Global hedge fund industry association, AIMA, has warned that a provision of the Alternative Investment Fund Managers (AIFM) Directive that is currently being debated in Brussels is protectionist.
AIMA’s expression of concern comes after the publication of the most recent AIFM Directive compromise text by the current Presidency of the European Council, Spain. The new text is being debated by the AIFMD Council Working Group in Brussels this month.
The Spanish text reinstates a provision from the original draft that may result in EU investors such as pension funds being prevented from accessing non-EU funds and managers. The provision – Article 35 – had been removed from the Directive by the previous Presidency, Sweden.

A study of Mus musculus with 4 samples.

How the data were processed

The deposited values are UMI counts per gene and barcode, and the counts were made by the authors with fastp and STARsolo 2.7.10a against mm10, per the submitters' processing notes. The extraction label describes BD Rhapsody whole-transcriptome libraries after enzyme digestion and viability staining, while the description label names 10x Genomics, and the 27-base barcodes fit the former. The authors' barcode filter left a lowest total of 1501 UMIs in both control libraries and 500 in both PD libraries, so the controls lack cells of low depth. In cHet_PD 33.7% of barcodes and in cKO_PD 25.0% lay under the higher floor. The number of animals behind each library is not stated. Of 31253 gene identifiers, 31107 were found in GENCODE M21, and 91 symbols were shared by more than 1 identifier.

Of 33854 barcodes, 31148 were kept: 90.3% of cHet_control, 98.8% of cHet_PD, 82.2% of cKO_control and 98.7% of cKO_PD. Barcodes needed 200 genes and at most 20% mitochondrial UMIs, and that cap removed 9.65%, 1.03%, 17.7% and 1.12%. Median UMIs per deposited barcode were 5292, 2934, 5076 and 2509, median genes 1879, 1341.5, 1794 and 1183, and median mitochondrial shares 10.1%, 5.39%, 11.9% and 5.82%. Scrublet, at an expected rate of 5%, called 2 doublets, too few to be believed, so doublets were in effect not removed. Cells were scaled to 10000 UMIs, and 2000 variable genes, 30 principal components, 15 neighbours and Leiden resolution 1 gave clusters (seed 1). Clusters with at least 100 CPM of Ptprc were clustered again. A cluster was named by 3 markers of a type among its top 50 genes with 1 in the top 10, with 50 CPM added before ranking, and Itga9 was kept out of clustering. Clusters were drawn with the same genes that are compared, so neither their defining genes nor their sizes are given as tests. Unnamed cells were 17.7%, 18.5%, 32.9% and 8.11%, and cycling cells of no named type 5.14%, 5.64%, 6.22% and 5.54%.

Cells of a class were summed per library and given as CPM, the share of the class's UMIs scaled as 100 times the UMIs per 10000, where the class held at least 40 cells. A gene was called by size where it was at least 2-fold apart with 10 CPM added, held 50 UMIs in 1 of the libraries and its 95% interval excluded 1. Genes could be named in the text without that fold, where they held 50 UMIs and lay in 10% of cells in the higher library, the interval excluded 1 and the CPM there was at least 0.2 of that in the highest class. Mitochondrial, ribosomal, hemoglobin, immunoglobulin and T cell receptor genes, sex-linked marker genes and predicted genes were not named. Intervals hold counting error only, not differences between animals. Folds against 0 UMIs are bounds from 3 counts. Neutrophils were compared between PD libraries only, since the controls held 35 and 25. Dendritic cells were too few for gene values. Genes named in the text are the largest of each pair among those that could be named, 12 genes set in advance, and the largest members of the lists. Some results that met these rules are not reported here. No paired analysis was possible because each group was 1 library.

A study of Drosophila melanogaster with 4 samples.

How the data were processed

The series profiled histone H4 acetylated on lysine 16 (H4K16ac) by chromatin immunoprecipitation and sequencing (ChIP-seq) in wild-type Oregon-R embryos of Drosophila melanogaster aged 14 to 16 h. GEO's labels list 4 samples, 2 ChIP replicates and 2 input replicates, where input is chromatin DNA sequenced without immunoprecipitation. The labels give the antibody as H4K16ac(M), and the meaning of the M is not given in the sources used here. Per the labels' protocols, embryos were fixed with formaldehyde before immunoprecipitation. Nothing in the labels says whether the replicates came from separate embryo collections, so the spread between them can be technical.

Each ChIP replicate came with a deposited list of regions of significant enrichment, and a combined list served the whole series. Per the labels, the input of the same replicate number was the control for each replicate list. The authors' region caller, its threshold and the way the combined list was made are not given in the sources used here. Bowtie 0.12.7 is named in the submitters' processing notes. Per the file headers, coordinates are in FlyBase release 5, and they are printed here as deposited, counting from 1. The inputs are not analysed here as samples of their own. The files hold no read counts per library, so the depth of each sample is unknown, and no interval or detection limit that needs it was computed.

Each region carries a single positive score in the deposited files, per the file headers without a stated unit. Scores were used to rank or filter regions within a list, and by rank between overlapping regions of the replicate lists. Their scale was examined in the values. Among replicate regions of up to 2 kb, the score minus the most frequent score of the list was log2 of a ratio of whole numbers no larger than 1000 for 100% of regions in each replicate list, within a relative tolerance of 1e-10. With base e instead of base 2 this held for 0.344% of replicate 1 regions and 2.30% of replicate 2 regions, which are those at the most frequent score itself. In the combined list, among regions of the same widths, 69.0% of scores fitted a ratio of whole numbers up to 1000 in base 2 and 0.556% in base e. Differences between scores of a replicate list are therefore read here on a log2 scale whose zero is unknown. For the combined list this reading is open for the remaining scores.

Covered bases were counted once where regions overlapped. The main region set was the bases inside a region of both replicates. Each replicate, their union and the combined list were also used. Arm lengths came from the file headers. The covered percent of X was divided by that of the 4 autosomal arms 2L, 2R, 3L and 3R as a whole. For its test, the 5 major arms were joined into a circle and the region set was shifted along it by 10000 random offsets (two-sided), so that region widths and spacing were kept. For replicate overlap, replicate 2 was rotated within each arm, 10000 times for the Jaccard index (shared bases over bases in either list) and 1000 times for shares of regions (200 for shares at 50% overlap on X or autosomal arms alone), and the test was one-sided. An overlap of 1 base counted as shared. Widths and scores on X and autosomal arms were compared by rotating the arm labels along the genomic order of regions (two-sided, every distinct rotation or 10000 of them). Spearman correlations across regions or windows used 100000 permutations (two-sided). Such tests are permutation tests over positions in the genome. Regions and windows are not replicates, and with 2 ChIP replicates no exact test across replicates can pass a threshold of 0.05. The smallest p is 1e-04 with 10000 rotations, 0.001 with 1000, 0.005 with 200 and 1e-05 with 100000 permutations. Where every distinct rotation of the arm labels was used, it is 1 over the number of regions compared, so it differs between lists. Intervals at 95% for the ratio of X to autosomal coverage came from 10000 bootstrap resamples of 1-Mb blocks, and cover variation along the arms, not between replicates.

Under Article 35, non-EU based hedge fund managers would only be able to market funds within the EU if there were co-operation arrangements in place between the regulator of the manager’s jurisdiction and that of the EU Member State in which the investors are located.
Andrew Baker, Chief Executive Officer of AIMA, said, “Stipulating that these co-operation arrangements must be in place sounds reasonable enough but we are worried that they would be difficult to establish and to comply with. The practical consequence would be that the E.U. market would be closed to non-E.U. funds and managers with obvious protectionist implications.
“European institutional investors are currently free to seek out the best managers globally. Any restrictions imposed on European investors would also hit asset managers in financial centres such as the United States, Canada, Switzerland, Hong Kong, Singapore, Japan, Australia and South Africa.
“With the Council Working Group debating the Spanish compromise text this month, this represents a critical moment in the process. We hope all parties concerned reflect on the global consequences of this provision and reach a sensible and workable solution.”